Gas from Shale Is Energy's Holy Grail

12/23/2009 12:01 am EST

Focus: STOCKS

Richard Young

Editor, Young's Intelligence Report

Richard C. Young, editor of Intelligence Report, says North America has an abundance of shale, a great source of natural gas, and current prices look attractive.

Shale gas offers enormous opportunity to increase global energy supply and security. Exxon Mobil (NYSE: XOM) estimates that there are one quadrillion (with fifteen zeros—Editor) cubic feet of shale gas worldwide, equal to a decade’s worth of demand. And exploratory drilling is just getting under way. In the US, shale plays have turned a shortage of domestically produced natural gas into a fully supplied market.

Shale gas production is a recent development in the gas industry. Ten years ago, producing gas from shale was not economically feasible. But new drilling techniques and hydraulic fracturing have made production possible at reasonable gas prices.

To extract shale gas [from] dense rock, companies first drill a horizontal well through the rock, then inject high-pressure liquid to fracture the rock and cause it to release the gas. The gas is then pumped to the surface.

The Horn River Basin in northeastern British Columbia is the largest shale gas field in Canada, and according to Michael Graham, an executive vice president at EnCana (NYSE: ECA), it may be the best shale play in North America. Exxon, arguably the most disciplined allocator of capital in the oil and gas industry, has leased 250,000 acres in the Horn River Basin. If Exxon is involved in an emerging gas play, you can be sure there is long-term value to be extracted.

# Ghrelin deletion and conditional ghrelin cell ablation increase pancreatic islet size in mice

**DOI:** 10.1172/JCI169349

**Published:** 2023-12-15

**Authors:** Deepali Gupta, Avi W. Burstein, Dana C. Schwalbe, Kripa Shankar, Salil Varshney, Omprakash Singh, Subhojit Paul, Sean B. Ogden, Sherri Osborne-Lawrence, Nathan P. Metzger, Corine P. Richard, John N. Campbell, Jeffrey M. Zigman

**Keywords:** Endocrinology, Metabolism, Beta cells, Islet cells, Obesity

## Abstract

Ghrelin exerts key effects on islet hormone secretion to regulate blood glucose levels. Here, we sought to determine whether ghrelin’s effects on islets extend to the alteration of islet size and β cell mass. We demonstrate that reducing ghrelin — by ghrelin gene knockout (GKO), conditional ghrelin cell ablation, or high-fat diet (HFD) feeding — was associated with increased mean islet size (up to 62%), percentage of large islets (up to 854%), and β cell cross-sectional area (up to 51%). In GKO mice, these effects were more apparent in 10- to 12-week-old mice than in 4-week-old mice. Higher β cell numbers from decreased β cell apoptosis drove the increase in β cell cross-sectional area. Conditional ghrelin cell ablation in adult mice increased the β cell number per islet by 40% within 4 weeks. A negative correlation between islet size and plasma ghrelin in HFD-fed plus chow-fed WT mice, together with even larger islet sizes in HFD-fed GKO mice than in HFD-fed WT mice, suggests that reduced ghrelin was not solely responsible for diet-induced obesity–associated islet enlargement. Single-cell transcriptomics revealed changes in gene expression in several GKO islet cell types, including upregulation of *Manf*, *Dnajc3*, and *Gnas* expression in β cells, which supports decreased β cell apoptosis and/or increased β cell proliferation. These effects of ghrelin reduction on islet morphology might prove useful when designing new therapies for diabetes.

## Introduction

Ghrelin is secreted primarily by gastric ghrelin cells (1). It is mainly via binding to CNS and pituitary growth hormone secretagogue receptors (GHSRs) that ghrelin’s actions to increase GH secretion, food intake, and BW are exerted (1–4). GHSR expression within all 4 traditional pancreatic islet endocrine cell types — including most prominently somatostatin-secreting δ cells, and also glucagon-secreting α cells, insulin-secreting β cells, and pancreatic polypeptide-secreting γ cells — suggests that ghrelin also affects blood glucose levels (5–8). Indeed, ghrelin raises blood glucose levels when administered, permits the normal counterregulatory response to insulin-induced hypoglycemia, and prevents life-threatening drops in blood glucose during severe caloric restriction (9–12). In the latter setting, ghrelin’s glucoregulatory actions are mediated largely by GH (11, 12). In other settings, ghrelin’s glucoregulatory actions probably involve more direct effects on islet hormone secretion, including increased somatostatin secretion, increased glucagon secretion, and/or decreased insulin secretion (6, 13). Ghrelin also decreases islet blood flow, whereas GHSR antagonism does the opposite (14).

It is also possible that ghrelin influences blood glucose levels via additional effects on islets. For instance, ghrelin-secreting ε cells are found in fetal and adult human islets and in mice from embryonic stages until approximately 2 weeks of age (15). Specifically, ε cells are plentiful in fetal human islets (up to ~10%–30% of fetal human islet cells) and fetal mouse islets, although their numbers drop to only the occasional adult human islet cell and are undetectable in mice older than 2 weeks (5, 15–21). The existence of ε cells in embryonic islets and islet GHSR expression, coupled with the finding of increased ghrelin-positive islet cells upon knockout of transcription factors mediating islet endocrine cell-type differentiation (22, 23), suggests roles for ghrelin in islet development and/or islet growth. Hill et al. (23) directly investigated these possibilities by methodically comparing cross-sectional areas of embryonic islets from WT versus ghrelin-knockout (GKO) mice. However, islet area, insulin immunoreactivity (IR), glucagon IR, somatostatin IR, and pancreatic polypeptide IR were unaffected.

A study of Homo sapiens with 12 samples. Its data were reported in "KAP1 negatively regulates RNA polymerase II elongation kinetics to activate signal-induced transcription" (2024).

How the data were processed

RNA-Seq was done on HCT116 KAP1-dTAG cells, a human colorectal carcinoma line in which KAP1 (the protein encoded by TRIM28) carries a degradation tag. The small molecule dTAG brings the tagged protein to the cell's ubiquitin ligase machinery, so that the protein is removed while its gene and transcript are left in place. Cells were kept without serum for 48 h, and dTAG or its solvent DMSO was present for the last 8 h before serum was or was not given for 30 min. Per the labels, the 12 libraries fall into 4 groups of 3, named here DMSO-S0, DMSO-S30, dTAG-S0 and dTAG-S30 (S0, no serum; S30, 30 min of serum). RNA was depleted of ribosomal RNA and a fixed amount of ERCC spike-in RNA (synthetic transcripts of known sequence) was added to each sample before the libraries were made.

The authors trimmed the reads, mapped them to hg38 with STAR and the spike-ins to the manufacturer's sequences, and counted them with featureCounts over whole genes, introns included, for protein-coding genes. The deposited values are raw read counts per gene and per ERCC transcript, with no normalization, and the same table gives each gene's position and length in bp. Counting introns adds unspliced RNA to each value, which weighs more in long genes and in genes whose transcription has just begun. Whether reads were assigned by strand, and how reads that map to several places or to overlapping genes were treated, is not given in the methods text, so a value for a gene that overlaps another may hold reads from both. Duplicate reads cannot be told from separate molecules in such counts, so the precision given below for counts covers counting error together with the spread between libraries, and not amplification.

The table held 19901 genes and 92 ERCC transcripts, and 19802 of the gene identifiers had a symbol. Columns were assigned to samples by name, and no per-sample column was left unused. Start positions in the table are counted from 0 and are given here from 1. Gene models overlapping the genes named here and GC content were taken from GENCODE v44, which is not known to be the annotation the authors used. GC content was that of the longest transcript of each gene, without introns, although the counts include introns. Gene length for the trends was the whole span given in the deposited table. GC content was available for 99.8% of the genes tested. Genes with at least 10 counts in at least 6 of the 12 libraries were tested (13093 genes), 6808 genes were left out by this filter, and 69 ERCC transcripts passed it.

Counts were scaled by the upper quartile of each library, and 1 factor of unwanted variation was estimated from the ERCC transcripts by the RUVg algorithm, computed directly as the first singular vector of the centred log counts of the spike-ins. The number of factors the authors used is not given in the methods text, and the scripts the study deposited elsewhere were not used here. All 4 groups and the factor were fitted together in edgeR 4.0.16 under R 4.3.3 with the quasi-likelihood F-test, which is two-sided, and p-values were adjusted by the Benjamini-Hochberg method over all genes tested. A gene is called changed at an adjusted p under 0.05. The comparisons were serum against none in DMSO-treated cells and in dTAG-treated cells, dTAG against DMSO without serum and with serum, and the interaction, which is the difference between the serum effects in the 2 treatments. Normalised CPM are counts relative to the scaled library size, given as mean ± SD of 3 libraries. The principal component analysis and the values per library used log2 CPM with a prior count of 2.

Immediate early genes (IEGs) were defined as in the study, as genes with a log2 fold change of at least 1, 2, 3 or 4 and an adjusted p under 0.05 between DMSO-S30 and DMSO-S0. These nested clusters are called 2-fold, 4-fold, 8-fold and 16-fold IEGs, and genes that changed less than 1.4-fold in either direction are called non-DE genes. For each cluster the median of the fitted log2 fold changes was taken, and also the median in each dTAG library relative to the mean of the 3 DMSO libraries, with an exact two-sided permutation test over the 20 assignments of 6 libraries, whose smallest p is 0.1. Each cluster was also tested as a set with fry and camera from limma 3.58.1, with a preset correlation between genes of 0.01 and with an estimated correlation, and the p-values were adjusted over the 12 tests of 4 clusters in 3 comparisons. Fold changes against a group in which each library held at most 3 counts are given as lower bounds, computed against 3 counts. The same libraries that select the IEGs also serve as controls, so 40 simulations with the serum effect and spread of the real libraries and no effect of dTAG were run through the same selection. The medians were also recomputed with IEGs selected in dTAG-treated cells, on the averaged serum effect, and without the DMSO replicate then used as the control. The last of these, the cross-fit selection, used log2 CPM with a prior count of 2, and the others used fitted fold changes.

Exxon’s initial wells in the Horn River Basin indicate that each well drilled will produce between 16 million and 18 million cubic feet of gas per day—an amount comparable to the yield from wells being drilled in the Haynesville shale.

Short term, supply may overwhelm demand, but long term, there is no better energy commodity to own than natural gas. Natural gas is historically cheap versus coal, oil, and uranium.

The sooner businesses, utilities, and residential consumers recognize that there is adequate supply of natural gas, the sooner you will see an increase in demand and higher prices. [In the long run], on an energy-equivalent basis, oil and gas should trade at parity. That means gas should trade at one-sixth the price of oil. If oil is at $76, natural gas should be at $12.60. (Currently one contract trades at less than half that price—Editor.)

With a 260,000-acre land position, my highly favored EnCana (NYSE: ECA) is a big player in the Horn River Basin. The company recently completed its long-delayed spin-off of Cenovus Energy, [dividing] the old EnCana into an oil company (Cenovus) and a natural gas company (EnCana).

Post-spin-off, EnCana is a pure-play natural gas company focused on the development of unconventional resources in North America. Unconventional resource plays include shales, tight sands, and coalbed methane. The company is targeting 9%–12% production growth over the next five years. (EnCana stock traded above $31 Tuesday—Editor.)